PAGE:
Survivors of Childhood Acute Lymphoblastic Leukemia Have Increased Cancer Risk for Decades
WebMD Health News
Reviewed by Louise Chang, MD

March 20, 2007 -- Survivors of the most common type of childhood leukemia may need careful cancer screening for decades after leukemia treatment.

That finding comes from a study of 2,169 children who achieved complete remission from acute lymphoblastic leukemia, which is one of the most curable childhood cancers, write the researchers.

They included Nobuko Hijiya, MD, of the oncology department at St. Jude Children’s Research Hospital in Memphis, Tenn.

The children were all treated at St. Jude Children's Research Hospital between 1962 and 1998.

They were followed for two to 41 years (average follow-up: nearly 19 years). During the follow-up period, 123 patients developed another cancer that wasn't leukemia.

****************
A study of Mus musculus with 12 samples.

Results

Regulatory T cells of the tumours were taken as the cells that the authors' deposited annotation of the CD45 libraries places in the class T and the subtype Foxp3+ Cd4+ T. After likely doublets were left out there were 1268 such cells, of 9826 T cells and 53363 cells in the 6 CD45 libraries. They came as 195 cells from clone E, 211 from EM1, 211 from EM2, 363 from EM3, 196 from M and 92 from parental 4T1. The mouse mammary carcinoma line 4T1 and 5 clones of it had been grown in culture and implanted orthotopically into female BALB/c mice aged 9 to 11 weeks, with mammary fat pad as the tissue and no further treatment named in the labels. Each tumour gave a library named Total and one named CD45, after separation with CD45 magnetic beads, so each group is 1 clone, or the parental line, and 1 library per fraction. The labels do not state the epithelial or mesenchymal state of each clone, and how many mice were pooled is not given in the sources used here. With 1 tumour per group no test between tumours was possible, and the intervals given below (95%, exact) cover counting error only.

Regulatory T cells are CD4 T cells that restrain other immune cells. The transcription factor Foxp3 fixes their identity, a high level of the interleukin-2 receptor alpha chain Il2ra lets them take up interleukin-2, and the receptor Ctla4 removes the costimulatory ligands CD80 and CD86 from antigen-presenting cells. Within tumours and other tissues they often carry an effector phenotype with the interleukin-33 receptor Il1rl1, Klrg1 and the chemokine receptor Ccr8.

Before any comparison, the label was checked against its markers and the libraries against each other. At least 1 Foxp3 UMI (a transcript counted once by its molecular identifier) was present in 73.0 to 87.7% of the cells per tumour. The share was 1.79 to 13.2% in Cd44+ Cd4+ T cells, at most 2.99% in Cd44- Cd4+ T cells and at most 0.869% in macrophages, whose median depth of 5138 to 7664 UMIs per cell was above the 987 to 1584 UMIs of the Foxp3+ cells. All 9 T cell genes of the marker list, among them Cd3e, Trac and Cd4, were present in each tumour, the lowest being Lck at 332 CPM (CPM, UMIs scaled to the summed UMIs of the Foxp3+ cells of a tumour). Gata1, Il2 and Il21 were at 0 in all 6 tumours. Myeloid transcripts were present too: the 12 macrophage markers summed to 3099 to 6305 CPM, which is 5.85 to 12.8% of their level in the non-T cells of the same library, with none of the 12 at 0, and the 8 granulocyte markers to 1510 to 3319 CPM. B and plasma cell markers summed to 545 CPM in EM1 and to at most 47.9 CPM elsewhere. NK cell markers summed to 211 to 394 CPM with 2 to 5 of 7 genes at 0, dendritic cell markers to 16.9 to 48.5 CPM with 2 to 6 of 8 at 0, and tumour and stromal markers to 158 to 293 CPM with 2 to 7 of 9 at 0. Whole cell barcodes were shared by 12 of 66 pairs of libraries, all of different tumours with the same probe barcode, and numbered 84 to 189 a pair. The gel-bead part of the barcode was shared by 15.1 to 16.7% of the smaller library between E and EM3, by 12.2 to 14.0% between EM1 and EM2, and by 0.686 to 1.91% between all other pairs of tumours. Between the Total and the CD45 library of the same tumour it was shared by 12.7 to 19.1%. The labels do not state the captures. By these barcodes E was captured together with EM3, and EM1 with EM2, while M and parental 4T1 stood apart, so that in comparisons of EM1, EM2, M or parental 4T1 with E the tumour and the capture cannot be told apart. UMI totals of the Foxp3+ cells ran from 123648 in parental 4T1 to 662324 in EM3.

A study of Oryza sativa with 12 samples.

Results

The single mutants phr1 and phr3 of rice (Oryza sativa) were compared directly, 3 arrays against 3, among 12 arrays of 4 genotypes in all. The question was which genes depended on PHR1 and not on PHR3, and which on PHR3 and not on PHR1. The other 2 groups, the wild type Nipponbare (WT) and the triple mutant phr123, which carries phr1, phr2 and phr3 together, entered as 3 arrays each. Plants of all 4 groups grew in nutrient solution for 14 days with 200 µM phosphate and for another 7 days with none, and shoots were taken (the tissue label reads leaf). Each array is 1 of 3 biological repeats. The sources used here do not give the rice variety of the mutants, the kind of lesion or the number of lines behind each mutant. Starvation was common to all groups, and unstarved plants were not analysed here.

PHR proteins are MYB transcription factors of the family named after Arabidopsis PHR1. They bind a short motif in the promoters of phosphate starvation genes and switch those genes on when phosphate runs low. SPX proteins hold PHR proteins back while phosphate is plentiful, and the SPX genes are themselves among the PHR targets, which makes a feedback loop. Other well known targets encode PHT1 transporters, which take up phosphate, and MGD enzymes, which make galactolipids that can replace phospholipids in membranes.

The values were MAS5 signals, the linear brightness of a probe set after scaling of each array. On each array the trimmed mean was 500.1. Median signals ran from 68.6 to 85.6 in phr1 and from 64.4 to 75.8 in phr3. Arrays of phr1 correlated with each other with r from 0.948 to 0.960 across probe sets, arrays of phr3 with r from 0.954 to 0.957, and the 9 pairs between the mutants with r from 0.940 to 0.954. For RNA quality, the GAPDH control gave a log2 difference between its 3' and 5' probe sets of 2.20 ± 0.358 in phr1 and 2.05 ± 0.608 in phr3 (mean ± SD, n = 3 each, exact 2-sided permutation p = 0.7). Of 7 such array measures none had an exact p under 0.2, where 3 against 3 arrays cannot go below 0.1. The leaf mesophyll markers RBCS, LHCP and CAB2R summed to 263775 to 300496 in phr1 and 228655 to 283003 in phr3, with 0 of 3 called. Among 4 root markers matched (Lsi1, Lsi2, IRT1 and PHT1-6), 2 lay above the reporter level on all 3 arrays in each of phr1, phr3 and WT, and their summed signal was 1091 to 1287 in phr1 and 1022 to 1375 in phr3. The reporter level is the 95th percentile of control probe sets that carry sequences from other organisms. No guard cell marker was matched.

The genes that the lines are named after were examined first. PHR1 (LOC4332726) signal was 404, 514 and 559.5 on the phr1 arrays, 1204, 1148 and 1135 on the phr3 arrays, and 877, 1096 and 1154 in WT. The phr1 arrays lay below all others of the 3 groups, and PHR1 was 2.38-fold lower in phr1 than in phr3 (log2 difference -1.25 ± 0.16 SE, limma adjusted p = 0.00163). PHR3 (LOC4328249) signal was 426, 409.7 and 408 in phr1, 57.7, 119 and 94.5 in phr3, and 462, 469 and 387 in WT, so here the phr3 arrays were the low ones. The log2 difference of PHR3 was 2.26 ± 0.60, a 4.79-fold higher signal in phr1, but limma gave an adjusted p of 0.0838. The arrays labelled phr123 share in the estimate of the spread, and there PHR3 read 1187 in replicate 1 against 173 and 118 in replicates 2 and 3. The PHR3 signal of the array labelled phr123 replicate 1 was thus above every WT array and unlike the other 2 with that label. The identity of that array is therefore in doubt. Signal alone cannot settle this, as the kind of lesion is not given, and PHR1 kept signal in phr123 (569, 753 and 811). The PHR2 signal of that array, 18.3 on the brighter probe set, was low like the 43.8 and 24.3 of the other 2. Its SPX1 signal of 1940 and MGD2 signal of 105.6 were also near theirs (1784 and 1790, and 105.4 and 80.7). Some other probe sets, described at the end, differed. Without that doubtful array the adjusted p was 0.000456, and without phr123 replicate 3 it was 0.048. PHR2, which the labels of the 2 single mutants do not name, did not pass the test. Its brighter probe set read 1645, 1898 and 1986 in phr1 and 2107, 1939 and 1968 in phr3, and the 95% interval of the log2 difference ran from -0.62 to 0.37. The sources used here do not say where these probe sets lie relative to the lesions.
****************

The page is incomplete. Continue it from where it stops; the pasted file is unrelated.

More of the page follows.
On average, more than 23 years passed between the patients' diagnosis with childhood acute lymphoblastic leukemia and the diagnosis of their second cancer.

Most of the second cancers were "low-grade" tumors, write Hijiya and colleagues in The Journal of the American Medical Association.

Increased Cancer Risk

In one analysis, the researchers deliberately skipped two of the most common low-grade tumors. Even after that adjustment, cancer risk rose for 30 years after remission from childhood acute lymphoblastic leukemia.

Cancer becomes more common with age. But the cancer risk for the childhood leukemia survivors was more than 13 times higher than for the general public, even when the researchers only looked at high-grade tumors.

"The risk of high-grade tumors ... significantly exceeds the risk in the general population, underscoring the need for continued careful follow-up of acute lymphoblastic leukemia survivors," write Hijiya and colleagues.

Their study doesn't show why acute lymphoblastic leukemia in childhood may carry a long-lasting cancer risk.